Aspen Glow
Aspen Glow
Aspen Glow
Aspen Glow

Christopher Burkett

Aspen Glow

Colorado, 2003

Original Cibachrome Photograph

Pristine condition

certified authentic
Add to Collection $1,500.00
Aspen Glow
Aspen Glow
Aspen Glow
Aspen Glow



Original Cibachrome photograph by Christopher Burkett, “Aspen Glow, Colorado.” Individually handmade by Christopher Burkett from 6×6-format transparency film. Mounted on cotton rag Antique Rising Museum Board. Signed in pencil on mount with title, date and edition number on verso.

The 40×40″ Museum Edition is limited to 15 total. The next available is edition 5. Due to the size and delicate nature of the artworks, they must be shipped directly to a professional framer of your choice. For clients in the Bay Area, we also offer framing and installation services. Please  for additional information.



“In 2003, my wife Ruth and I were photographing at the end of September in Colorado when a friend told us about the large aspen forests in the Kebler Pass area. We went there that day and found what is now our favorite place to photograph aspen trees in the fall.

We were traveling in our camper van and parked overnight just off a small obscure dirt road in a quiet grove of smaller aspen trees. In the morning I got up and went for a walk in the woods. The sun was rising but not yet shining on the forest, so the light was soft and enveloping, the forest silent and private. The air was damp and there was no wind, which brought out the sweet nutlike fragrance of the fallen aspen leaves.

Although I was surrounded on all sides by a forest which was full of soft light and beautiful trees I wasn’t seeing a way to convey this through a photograph. After about 40 minutes of quiet but intense searching I saw a detailed section of the forest which caught my eye. Viewed from this particular standpoint the trees lined up in a lovely progression of shapes and the feeling of enveloping, almost fragrant light seemed to be concentrated in this scene.

I set up my Hasselblad camera and used my 300mm Tele-Superachromat lens with its matched 1.7x Apo-Mutar teleconverter which makes it into a superb 510mm lens. There were only 170 of these lenses produced. It is has perfect color rendering combined with the highest resolution of any lens for medium format work. I made an exposure at f/22 for one second on Velvia 50 film.

The image has very delicate tones. When making a Cibachrome a careful balance needs to be maintained between preserving the tonal separation and shapes of the many tree trunks and at the same time show the quality of the soft light which illuminated the forest that morning. I was finally able to make a successful Cibachrome of this image six years later in 2009.”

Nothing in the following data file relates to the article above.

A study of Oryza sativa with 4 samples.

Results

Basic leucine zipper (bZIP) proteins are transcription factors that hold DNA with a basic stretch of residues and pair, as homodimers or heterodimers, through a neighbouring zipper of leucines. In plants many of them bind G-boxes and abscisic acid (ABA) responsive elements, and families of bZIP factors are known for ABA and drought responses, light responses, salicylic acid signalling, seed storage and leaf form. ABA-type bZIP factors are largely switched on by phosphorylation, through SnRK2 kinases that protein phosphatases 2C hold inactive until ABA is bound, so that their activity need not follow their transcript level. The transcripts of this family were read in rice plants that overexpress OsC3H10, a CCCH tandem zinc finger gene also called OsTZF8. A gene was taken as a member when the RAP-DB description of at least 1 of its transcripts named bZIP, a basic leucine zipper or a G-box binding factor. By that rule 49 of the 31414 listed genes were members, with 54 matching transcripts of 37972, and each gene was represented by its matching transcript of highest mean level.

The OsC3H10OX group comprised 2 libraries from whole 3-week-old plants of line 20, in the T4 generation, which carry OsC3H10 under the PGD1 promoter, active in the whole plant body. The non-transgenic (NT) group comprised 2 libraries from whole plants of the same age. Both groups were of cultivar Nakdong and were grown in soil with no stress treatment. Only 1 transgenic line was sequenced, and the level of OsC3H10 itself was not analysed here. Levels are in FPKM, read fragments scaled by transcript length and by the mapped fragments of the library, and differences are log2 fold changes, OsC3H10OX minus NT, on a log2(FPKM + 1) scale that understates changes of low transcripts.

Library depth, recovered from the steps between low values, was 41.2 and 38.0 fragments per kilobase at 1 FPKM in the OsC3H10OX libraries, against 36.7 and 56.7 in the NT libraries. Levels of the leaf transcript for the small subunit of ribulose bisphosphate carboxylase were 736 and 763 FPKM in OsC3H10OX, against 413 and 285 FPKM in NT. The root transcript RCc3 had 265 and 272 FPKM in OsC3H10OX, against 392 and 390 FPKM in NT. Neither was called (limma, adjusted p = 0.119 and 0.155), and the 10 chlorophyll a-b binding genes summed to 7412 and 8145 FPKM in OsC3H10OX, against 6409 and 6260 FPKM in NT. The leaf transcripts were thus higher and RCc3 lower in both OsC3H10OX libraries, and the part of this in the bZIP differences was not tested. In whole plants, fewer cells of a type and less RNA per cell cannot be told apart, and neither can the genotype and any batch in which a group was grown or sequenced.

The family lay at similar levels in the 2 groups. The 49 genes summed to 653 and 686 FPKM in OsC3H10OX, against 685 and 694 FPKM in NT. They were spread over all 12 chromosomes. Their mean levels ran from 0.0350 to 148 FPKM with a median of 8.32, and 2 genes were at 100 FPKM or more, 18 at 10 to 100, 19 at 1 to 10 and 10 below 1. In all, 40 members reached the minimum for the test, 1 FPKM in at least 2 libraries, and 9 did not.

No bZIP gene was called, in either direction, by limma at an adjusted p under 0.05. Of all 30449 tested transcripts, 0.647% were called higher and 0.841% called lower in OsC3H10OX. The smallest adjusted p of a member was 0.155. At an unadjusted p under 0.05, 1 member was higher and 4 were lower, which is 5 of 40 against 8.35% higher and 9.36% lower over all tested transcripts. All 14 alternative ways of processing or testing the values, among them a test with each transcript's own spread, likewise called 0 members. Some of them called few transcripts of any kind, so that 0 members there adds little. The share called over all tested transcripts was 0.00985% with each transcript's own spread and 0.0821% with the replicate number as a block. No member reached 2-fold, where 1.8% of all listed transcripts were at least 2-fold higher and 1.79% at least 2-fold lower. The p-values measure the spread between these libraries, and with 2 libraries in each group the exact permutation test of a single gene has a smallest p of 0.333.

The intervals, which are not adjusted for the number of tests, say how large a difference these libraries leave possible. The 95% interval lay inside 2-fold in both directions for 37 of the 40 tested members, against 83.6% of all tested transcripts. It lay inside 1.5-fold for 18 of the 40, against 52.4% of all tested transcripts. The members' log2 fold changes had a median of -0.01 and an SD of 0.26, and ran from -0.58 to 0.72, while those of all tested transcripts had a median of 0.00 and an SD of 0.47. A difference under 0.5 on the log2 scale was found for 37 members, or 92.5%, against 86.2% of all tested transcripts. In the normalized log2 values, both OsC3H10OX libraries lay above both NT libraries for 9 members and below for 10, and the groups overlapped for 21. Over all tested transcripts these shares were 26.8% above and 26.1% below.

All Christopher Burkett photographs sold at Photography West are new and in pristine condition. HD videos of the individual piece you are purchasing are available upon request. For more information, please


Christopher Burkett has labored for over four decades to create what many regard as the most impeccable and luminous color photographs in the history of photography. Gifted with a contemplative spirit as well as painter’s eye, Burkett has an uncommon ability to capture the natural world in a manner that simultaneously reflects “the world behind the world” as Minor White and Paul Caponigro might have put it. And although Burkett has been compared by curators to American color landscape photographers Eliot Porter and Ernst Haas, whose genre of American landscape photography he extended, neither of them exclusively developed their own film, nor attempted the darkroom standard clearly in evidence upon viewing Burkett’s original Cibachromes.

christopher burkett in his darkroom


Cibachrome, also known as Ilfochrome, is among the most stable of all color photographic processes. The dyes reside within the emulsion layers, giving the photograph its characteristic color saturation. The base is a polyester triacetate, rather than fiber-based paper, which adds to the longevity. It was a positive-to-positive photographic process based on the Gasparcolor process, created in 1933 by Bela Gaspar, a Hungarian chemist. Purchased after the merger of Ilford UK and Ciba-Geigy Photochemie of Switzerland, the process was first trademarked and marketed as Cibachrome in 1963. Each Cibachrome is composed of ten layers containing various combinations of light-sensitive silver halides and dyes that are sensitive to blue, green, or red light waves, which gives it an incredible depth and three-dimensional quality. After exposure of a positive, either through an enlarger or direct contact, the Cibachrome must be developed with black-and-white developing chemicals. This step creates a silver negative image within the layers. Next, the photograph must be bleached. The bleaching rids the photograph of dyes in proportion to the amount of silver that has been developed in the previous step and produces a positive dye image in color. In 2011, Cibachrome/Ilfochrome products were discontinued and it is now considered a historical process.